The creation / evolution debate still rages, and many Christians believe it is both scientifically untenable and scripturally naïve to accept a literal account of the beginning of Genesis. Some even charge creationists with pushing a teaching that is a hindrance to conversion.
In this excellent and very readable book, Philip Bell investigates how theistic evolution (TE) squares with Scripture. Though able scientifically, he directs the reader to other resources to address the science. Successive chapters assess TE in the light of biblical teachings on the attributes of God, Christ’s manhood and deity, the problem of evil, the nature of mankind, and the doctrines of sin, death, salvation and the new creation, concluding with the impact of TE on mission and on society.
He shows powerfully that TE belittles and hides God’s ‘eternal power and divine nature’. With TE ‘God’s invisible qualities’ are not ‘clearly seen’, contrary to Romans 1:20. He quotes atheists who have cited evolution as a reason for their unbelief. In the chapters on Christ he argues that TE attacks Christ’s trustworthiness and deity in his comments on origins.
The chapters on evil, sin and death are particularly compelling. Bell shows that TE, with its millions of years of death, must logically (though contrary to Scripture and reason) place sin, suffering and death in God’s ‘very good’ creation. God then becomes the author of evil, and is not good. Bell stresses that even atheists can see that for God deliberately to engineer evolution as the process of ‘creation’ is totally incompatible with him as good and loving.
Furthermore Bell helpfully highlights the Bible’s emphasis that the future new creation (which echoes the original) will be made rapidly, and have an absence of suffering, death and carnivory – even in the animal world. That strongly implies that the original creation was swift and involved no process of suffering and death as evolution stipulates.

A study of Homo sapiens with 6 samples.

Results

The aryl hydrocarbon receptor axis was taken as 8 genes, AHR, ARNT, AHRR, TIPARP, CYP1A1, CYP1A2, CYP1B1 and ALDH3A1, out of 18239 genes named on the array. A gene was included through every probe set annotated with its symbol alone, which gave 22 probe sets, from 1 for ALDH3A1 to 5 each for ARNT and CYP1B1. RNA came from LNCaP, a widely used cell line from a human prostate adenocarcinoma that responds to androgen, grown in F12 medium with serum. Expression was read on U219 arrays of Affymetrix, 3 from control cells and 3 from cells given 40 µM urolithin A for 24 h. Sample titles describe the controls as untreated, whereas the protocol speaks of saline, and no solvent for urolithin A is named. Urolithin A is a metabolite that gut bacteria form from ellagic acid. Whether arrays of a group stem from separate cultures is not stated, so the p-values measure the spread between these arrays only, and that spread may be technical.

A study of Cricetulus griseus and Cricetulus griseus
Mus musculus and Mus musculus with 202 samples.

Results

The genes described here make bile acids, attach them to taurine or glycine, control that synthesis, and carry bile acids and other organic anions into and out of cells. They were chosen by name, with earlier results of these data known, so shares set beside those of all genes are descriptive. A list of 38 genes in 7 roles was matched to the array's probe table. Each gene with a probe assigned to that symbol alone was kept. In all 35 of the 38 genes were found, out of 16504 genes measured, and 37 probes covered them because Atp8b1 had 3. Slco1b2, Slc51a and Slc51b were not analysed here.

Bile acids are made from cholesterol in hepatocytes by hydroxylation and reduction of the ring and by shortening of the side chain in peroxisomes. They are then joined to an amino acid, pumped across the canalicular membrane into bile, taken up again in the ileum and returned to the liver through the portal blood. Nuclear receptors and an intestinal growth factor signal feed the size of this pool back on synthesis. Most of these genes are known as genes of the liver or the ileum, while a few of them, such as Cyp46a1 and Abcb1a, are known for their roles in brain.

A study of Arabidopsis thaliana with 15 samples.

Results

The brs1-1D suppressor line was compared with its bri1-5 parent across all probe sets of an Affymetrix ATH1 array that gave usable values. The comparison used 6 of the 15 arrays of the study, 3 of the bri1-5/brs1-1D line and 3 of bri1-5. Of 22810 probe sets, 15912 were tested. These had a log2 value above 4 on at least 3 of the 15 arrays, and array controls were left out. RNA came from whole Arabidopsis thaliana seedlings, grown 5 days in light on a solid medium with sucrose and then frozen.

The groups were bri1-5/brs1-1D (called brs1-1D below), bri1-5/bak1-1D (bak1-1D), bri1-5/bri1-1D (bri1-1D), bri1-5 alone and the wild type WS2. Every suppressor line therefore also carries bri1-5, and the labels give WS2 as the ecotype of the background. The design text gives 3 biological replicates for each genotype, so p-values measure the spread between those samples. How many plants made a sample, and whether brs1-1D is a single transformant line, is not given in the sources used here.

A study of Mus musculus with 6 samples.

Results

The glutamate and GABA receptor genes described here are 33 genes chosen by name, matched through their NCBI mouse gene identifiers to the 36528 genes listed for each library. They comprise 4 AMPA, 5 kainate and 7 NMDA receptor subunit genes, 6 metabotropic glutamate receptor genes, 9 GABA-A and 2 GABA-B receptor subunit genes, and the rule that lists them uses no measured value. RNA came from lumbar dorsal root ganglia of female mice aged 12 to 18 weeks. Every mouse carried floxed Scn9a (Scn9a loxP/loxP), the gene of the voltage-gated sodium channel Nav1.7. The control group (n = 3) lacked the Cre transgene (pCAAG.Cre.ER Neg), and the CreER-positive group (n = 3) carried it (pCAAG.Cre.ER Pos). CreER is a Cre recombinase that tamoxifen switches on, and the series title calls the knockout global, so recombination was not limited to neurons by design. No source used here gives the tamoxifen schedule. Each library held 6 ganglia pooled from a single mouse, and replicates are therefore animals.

The chapters on sin and salvation reveal the insidious threat of TE. TE logically makes certain sins, like rape and murder, part of a ‘good’, God-designed process of creation. More seriously, many theistic evolutionists deny a literal Adam and an historic Fall. This undermines the argument of Romans 5, that those who in Adam stand condemned can in Christ come to be justified. TE threatens the whole doctrine of salvation.
Bell’s final chapters show how TE has blunted the church’s evangelism and how evolutionary theory itself has blighted once-Christianised societies.
I did not always find the author’s logic persuasive, and thought he was pushing some Scriptures too far. However, his conclusions were sound, and those drawbacks certainly do not negate what is otherwise an excellent, powerful and convincing rebuttal of TE.
Bell persuasively exposes how TE is itself anti-scriptural, offensive to the glory of God, and undermines the gospel. He also points out the serious scriptural problems with an intelligent design stance that nonetheless holds to an old Earth with millions of years of pre-Adamic death.
This is a must-read for those who think that TE is compatible with Scripture and the Christian faith, or who think that this is an insignificant secondary matter. Bell reveals the gravity of the issue. He concludes by calling for TE to be recognised as heterodox and unbiblical: ‘It is a danger to the church of Jesus Christ, a false teaching that needs uprooting and casting out’ (p.292). When you take seriously the Scriptures he discusses, it’s hard to disagree with him.